First man to walk in space ‘couldn’t get back into airlock’ in re-entry terror

The terrifying moment came at the end of Alexei Leonov’s walk outside in 1965 – one of the most historic events in mankind’s exploration of space.

Leonov, who died four years ago, left his capsule on March 18 for just over 12 minutes. He had only his spacesuit between him and outer space, and he was connected to the Voskhod 2 by a 16ft-long tether.


But when the Russian tried to get back into the spacecraft, he found his suit had inflated so much in the vacuum of space that he couldn’t get himself into the airlock. His suit began to stiffen dangerously, and his hands slid out of his gloves and his feet out of his boots.

This was all happening while the Voskhod 2 was hurtling towards the shadow created by the Earth, and the cosmonaut realised it was a matter of only a few minutes before he’d be in total darkness.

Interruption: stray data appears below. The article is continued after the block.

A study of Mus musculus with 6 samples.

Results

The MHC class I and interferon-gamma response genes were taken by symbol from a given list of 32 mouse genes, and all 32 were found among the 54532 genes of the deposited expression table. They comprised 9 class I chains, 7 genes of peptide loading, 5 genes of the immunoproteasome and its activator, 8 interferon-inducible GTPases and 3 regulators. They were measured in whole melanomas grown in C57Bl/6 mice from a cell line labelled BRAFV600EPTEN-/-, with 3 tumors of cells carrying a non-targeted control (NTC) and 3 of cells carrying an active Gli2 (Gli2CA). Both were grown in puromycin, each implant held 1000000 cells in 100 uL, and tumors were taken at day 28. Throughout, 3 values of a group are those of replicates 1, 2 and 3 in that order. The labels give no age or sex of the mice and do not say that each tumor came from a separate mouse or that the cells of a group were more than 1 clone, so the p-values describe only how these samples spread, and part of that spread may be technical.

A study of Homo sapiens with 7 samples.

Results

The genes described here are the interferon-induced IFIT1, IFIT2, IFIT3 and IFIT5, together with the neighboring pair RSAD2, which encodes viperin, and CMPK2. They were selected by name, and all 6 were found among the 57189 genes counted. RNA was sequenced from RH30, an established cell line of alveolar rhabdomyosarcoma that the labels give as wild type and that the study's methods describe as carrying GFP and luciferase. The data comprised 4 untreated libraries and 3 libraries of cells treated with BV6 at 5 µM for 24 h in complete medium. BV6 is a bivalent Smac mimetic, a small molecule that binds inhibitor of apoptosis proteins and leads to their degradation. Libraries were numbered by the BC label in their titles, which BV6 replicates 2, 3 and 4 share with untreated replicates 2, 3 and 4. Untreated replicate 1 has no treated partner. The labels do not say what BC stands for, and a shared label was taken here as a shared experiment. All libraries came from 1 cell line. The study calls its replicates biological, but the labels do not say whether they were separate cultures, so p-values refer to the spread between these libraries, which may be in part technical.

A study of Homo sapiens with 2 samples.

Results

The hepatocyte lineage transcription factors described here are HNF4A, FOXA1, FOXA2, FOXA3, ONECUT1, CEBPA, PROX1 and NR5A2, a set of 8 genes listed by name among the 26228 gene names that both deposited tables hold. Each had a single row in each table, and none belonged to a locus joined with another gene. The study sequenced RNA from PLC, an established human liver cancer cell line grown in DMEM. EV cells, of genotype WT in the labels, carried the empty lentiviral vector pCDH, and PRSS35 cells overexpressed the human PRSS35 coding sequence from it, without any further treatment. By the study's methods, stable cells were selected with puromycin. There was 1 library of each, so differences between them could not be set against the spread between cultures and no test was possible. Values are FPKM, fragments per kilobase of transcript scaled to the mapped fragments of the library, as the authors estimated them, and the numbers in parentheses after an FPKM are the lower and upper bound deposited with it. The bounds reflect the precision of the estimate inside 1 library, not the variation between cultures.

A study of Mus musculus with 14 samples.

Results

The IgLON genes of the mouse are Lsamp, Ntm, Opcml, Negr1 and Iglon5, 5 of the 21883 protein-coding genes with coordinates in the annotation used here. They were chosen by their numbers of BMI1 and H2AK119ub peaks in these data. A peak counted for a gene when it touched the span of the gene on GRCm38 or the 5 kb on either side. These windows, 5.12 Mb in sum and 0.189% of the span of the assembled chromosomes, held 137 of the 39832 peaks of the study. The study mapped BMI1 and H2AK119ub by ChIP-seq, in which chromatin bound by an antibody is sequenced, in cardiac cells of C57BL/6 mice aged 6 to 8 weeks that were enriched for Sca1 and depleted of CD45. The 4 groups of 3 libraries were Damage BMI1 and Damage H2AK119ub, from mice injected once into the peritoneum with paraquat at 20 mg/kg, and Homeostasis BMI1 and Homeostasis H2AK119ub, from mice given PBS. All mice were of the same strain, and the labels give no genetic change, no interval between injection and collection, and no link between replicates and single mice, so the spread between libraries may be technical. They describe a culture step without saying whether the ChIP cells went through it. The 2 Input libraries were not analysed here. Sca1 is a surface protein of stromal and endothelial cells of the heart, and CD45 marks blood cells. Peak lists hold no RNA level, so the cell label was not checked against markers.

He lost an incredible 6kg during the scary experience. In a massive understatement, Leonov later described it as being “the most difficult moments of my life”.


But that happened during a rare moment of calm, as the spacewalk wasn’t the last hairy thing to happen on that trip. Leonov and fellow cosmonaut Pavel Belyayev had to wait three days to be rescued after they crashed in a mountain forest on their return to Earth.

It didn’t dampen his appetite for adventure, though, and he returned to space in 1975 as the commander of Soyuz 19, which was part of the first joint US-USSR joint mission. That led to a lifelong friendship with Thomas Stafford, the US commander of the Apollo.